It’s no surprise that Dark Nights: Metal was one of the top-selling comics of 2017. The series featured the long-awaited reunion between writer Scott Snyder and artist Greg Capullo on a Batman epic bigger than any they had worked on before. But the series also had another major element working in its favor. The first issue ended with the reveal that Batman had turned to none other than Dream of the Endless for help in his massive new case. As exciting as the prospect of a Batman/Sandman crossover was, that’s one area where Metal failed to deliver.
Neil Gaiman’s Sandman saga may technically be set within the DC Universe, but actual crossovers between DC’s heroes and characters like Dream and Death are extremely rare. The Endless are very high up on the cosmic hierarchy in the DCU, and the struggles of heroes like Batman and Superman are generally beneath their notice. What importance is the fate of a city or even an entire world when you have all of reality to worry about? That’s what made Dream’s surprise appearance in Metal #1 such a big deal. If the threat of the villainous Barbatos was so dire that even a member of the Endless felt obligated to become involved, that’s an ominous sign, indeed.
Now that Metal has concluded, though, it doesn’t feel as though that early setup was given much payoff. Dream and his allies played a very minor role in the remainder of the series, mainly via a sequence in issue #4 where Dream explains how the nightmarish worlds of the Dark Multiverse came to be. In the end, Dream serves little purpose in Metal other than as a brief source of exposition. The promise of the DCU and Sandman franchise mingling in profound, meaningful ways was never realized. At best, Metal became a catalyst for future Sandman stories, ending with a revelation that one of the book’s in Lucien’s library (which contains all stories never written) has suddenly vanished, a mystery that will likely be explored in the new line of Sandman comics curated by Gaiman.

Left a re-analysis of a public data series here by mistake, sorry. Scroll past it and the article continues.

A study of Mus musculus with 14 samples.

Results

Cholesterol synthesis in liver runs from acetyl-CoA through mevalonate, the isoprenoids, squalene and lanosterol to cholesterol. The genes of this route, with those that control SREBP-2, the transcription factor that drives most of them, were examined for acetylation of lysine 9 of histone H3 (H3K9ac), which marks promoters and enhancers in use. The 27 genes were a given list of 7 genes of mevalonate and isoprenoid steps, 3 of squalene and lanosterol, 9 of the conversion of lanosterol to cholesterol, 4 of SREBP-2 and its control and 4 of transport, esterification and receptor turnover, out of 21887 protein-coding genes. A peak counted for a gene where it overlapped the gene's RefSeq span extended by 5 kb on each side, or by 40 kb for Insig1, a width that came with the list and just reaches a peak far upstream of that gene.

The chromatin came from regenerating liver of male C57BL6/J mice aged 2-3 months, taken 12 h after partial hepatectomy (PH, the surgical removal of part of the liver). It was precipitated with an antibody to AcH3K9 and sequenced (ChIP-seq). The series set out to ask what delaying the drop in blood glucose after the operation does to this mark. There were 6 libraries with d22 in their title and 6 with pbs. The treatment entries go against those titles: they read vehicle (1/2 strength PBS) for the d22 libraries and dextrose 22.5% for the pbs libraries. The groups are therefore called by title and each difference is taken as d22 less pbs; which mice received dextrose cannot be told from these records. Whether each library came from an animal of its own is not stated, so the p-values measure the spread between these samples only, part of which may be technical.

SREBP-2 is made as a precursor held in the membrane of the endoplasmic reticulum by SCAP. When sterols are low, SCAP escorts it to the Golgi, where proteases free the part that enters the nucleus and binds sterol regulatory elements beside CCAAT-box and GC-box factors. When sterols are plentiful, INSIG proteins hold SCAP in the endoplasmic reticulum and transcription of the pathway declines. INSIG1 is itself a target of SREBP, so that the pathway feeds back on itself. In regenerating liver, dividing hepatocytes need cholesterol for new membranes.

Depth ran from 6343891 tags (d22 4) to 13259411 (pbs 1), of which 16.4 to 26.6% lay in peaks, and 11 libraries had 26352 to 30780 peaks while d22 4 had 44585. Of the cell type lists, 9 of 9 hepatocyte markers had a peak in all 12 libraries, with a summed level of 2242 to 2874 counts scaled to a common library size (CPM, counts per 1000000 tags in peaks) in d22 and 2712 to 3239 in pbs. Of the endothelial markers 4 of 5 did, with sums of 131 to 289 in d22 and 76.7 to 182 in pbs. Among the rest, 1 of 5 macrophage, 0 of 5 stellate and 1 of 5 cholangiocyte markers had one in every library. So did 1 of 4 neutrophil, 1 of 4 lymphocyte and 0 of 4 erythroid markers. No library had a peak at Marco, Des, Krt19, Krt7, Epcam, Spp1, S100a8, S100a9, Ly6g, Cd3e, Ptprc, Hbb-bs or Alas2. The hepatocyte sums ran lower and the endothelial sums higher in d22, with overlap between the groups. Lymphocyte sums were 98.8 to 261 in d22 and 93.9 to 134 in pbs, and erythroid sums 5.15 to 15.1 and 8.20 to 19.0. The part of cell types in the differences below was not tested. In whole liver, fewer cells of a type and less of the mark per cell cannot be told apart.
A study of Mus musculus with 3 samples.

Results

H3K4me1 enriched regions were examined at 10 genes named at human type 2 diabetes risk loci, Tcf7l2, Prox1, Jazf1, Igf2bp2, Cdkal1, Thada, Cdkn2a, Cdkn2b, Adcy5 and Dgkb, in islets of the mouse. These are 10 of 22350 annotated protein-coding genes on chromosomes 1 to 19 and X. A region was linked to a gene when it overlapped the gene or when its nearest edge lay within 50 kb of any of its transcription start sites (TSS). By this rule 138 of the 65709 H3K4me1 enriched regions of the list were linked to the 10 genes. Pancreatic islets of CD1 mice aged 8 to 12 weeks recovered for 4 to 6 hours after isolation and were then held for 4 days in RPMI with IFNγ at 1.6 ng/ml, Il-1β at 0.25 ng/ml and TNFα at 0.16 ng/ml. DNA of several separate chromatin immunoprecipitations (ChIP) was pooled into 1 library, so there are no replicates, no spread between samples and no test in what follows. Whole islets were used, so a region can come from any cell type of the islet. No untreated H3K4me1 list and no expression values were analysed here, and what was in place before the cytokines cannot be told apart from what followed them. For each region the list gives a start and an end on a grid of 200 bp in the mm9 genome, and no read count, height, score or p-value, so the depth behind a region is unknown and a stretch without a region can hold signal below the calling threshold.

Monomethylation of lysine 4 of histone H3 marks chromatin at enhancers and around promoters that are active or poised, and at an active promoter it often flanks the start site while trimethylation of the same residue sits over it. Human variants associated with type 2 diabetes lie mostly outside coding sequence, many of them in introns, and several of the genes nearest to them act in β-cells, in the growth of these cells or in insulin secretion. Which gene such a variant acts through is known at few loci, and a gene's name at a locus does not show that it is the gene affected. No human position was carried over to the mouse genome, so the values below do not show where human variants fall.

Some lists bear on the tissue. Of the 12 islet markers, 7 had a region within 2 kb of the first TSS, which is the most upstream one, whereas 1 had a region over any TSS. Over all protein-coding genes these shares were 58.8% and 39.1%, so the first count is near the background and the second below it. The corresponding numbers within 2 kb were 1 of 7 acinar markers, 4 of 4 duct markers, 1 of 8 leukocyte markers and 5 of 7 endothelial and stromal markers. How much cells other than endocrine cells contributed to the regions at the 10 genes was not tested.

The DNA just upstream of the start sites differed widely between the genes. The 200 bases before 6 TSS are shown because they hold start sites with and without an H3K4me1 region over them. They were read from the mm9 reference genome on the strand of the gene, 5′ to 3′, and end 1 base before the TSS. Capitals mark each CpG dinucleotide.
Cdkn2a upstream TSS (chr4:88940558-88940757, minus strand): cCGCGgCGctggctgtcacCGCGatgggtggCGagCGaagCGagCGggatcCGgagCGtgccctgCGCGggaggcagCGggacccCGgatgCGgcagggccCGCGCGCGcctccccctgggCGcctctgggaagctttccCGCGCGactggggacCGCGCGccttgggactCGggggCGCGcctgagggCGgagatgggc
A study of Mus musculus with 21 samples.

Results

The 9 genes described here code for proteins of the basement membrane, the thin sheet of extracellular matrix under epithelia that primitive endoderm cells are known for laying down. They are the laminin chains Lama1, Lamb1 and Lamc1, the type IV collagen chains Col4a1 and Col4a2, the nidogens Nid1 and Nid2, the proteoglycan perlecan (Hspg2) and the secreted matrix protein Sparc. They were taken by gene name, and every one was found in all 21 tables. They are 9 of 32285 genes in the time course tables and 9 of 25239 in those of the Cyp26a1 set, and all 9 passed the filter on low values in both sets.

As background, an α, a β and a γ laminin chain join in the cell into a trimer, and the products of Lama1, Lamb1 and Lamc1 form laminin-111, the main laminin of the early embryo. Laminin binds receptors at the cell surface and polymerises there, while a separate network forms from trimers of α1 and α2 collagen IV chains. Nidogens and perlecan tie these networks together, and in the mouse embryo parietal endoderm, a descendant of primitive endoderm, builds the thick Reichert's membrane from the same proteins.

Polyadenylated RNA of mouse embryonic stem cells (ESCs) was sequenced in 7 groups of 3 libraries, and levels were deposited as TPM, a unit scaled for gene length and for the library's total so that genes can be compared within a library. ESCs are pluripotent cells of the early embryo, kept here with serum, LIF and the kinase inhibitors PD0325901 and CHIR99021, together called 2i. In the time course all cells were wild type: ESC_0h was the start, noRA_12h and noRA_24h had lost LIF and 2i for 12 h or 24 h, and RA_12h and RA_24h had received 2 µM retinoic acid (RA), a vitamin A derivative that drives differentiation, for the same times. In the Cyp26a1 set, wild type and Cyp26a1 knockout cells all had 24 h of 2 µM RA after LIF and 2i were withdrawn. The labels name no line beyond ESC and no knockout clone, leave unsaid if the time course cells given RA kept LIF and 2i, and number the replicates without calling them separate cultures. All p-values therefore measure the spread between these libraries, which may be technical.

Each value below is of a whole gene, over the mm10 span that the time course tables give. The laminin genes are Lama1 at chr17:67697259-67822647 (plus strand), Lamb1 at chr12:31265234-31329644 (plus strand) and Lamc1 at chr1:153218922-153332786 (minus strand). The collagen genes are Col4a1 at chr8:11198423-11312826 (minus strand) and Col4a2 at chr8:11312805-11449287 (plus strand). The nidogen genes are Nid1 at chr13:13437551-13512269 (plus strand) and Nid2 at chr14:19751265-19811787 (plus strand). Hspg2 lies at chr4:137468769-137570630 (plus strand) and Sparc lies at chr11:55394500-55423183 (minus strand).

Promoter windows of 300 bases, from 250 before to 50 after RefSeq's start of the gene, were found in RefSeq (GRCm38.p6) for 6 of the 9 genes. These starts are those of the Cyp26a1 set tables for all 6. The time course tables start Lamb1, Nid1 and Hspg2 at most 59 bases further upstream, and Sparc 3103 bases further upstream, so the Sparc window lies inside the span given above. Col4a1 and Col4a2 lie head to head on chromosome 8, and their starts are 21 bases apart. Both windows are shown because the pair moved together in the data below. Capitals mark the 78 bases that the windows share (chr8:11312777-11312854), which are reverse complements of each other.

It’s not hard to understand why Snyder and Capullo wanted Dream to be a part of this story. There are clear thematic ties between Metal and Sandman, and drawing those characters into the conflict shows that this story truly spans the width and breadth of the DCU in a way few event comics have delivered. But that speaks to the larger flaw in Metal’s execution. This story ultimately became too grand and ambitious for its own good, juggling a cast of characters and conflicts that was too much for one miniseries (even with all its tie-ins) to properly contain. With so many moving pieces, it simply became impossible to give Dream and his allies the attention they deserved.
Given the venerated status of Gaiman’s original Sandman run, any DC/Sandman crossover needs to be treated with the utmost significance. The Endless should be the crux of any DCU story in which they appear, as was the case with Death’s guest role in Action Comics #894. If the door remains open for future DC/Sandman crossovers, taking full advantage of that crossover needs to be the first priority.